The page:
Match.com hasn't been getting much love and appreciation for its romantical services in this cold digital age.
A pack of subscribers just sued in February because, they claimed, hundreds of thousands of the site's users were either inactive or downright fake. Now, a mysterious L.A. woman named only as Jane Doe who probably wishes her match had been fake is filing a lawsuit in the Los Angeles Superior Court because he sexually assaulted her after their second date.
San Francisco lawyer Mark Webb tells the Times that after his client, an Ivy League grad and L.A. "entertainment executive," went on a first date with her alleged attacker at Urth Caffe in West Hollywood last year, she found him "charming" enough to ask out a second time. On that date, though, he followed her home afterward -- and that's when the sexual assault occurred.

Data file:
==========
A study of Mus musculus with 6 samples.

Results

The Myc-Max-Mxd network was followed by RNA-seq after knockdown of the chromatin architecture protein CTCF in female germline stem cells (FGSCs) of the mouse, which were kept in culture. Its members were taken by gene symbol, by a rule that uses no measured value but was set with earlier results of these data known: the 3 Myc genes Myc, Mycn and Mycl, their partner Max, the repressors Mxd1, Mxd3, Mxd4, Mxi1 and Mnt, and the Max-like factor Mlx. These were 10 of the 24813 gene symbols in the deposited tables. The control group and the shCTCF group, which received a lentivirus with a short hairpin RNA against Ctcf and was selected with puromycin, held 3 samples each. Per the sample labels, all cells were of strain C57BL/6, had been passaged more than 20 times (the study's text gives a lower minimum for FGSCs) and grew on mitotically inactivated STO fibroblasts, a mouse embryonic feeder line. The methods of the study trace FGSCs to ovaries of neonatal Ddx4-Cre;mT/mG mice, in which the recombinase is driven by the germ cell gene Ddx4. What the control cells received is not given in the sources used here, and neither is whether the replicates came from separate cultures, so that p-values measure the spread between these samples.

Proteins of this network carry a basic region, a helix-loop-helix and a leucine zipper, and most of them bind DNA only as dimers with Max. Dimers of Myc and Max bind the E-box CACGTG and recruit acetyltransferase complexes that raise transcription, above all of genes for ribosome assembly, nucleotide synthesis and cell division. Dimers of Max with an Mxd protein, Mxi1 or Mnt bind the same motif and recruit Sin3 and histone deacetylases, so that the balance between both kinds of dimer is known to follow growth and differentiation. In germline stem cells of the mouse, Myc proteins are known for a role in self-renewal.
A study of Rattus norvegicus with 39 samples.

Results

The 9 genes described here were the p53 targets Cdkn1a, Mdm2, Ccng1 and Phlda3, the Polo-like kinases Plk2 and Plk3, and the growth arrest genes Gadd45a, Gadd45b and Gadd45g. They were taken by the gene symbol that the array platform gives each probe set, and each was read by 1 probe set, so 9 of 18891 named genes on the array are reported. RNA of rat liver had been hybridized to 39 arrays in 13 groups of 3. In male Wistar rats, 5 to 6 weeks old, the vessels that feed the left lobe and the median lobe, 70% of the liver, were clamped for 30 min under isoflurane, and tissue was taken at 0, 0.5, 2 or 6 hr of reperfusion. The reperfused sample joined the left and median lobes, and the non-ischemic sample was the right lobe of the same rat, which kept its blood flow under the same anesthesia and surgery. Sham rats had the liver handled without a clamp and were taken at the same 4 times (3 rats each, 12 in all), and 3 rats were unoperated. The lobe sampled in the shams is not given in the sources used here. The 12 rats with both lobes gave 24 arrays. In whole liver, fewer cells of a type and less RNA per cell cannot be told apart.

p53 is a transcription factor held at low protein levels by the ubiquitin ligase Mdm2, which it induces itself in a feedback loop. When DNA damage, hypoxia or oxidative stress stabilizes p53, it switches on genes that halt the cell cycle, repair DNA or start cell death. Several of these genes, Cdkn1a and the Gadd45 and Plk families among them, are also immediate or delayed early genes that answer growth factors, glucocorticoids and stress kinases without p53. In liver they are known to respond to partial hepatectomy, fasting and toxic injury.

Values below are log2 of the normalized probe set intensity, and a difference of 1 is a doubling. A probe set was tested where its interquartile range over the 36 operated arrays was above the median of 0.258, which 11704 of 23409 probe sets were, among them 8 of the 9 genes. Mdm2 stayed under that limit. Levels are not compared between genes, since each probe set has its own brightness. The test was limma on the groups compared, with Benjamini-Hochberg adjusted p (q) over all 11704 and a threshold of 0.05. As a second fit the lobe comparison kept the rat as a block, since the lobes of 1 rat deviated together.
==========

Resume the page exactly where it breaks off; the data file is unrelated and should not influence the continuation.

According to the Times:
After the man left, the woman went online and learned that he had been convicted of several counts of sexual battery. Charges are pending in the Match.com case, Webb said.
The attorney said his client wants Match.com to check members' names against public sex offender registries. "It's not a guarantee," he said. "But don't you think something is better than nothing?"
Webb says he's asking for a temporary injunction barring the site from signing up more members until his client's demands are met.
Though Webb claims that "they are a very powerful and successful online dating service, and they have the means to do this," judging by the February suit, it seems like the online matchmakers are already having hard enough of a time getting people to sign up. Get rid of the sexual predators? That's like asking AOL to get rid of the grannies.